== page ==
AI may be good at some tasks in the health care industry, but coding isn’t currently one of them

AI doesn't code well: ©Lalaka -stock.adobe.com

AI doesn't code well: ©Lalaka -stock.adobe.com

In a study published in the April 19 online issue of NEJM AI, researchers at the Icahn School of Medicine at Mount Sinai found significant limitations in the capability of state-of-the-art artificial intelligence systems, specifically large language models (LLMs), to accurately perform medical coding tasks.

The study, led by Dr. Ali Soroush and his team, extracted a comprehensive list of over 27,000 unique diagnosis and procedure codes from a year's worth of routine care data within the Mount Sinai Health System. Utilizing descriptions associated with each code, researchers tasked prominent LLMs from OpenAI, Google, and Meta to generate the most precise medical codes. However, the results revealed a disconcerting trend across all models.

According to the findings, which evaluated LLMs including GPT-4, GPT-3.5, Gemini-pro, and Llama-2-70b, none of the models exhibited satisfactory accuracy, with all falling below a 50% threshold in reproducing original medical codes. Despite GPT-4 emerging as the top performer, boasting the highest exact match rates for ICD-9-CM, ICD-10-CM, and CPT codes, errors persisted at an unacceptable level.

"GPT-4 demonstrated the best performance among the models we examined, yet it still fell short of achieving reliable accuracy," stated Dr. Soroush, the study's corresponding author and assistant professor at Icahn Mount Sinai. "Our research underscores the imperative for thorough evaluation and refinement before integrating AI technologies into critical health care operations such as medical coding."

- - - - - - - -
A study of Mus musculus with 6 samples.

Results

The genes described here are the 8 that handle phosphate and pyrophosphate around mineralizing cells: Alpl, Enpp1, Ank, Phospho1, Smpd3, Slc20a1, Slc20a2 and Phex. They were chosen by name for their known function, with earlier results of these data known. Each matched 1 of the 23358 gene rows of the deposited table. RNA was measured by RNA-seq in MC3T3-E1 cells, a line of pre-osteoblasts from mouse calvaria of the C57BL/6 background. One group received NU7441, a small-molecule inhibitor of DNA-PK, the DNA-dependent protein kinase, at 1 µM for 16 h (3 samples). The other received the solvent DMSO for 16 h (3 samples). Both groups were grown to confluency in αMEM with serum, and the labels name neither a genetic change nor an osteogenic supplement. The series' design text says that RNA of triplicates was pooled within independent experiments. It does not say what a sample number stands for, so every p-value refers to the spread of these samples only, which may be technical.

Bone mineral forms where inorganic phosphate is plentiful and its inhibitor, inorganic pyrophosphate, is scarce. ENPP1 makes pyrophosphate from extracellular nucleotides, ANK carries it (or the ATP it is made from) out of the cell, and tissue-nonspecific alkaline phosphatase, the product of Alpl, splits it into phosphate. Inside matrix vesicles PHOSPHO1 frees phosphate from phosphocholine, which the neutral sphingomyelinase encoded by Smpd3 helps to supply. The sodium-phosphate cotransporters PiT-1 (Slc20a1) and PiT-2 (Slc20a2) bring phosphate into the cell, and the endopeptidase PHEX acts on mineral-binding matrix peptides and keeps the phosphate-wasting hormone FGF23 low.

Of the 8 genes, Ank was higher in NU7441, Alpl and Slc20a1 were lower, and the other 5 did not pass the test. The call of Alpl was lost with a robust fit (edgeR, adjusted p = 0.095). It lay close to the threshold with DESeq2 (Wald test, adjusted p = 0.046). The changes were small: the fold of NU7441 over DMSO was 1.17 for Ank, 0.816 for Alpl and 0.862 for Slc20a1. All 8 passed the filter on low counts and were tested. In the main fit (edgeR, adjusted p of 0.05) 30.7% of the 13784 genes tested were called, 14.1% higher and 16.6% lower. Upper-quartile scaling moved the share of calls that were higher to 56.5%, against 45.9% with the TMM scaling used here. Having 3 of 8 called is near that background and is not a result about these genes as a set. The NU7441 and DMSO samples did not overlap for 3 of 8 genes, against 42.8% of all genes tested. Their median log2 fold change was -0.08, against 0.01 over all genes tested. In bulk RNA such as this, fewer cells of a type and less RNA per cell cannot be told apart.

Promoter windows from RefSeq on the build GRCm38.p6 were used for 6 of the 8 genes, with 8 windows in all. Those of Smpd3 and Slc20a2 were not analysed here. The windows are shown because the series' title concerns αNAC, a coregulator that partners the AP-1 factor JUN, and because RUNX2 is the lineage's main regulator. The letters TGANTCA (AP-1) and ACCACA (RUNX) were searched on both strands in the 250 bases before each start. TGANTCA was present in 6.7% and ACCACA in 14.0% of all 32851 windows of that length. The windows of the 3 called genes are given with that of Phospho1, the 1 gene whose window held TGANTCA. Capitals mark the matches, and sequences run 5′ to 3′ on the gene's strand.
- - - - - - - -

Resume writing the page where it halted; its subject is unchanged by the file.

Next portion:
The study highlighted nuanced differences in the models' error patterns. Notably, GPT-4 showcased a relatively sophisticated comprehension of medical terminology, often producing technically correct codes that conveyed the intended meaning. Conversely, GPT-3.5 exhibited a propensity for vagueness, generating codes that, while accurate, were more general in nature compared to the original descriptions.

Dr. Eyal Klang, director of the D3M's Generative AI Research Program and co-senior author of the study, emphasized the importance of assessing LLMs' capabilities in numerical tasks, particularly in medical coding, where precision is paramount. He suggested that integrating expert knowledge could enhance the accuracy of AI-driven medical code extraction, potentially streamlining billing processes and reducing administrative burdens in health care.

While the study provides valuable insights into the current limitations and challenges of LLMs in health care, the researchers caution that artificial tasks may not fully represent real-world scenarios, where LLM performance could be even more compromised.

As the health care industry continues to explore the potential of AI-driven solutions, researchers say that the study serves as a critical reminder of the importance of rigorous evaluation and ongoing development to ensure the reliability and efficacy of these technologies in clinical practice.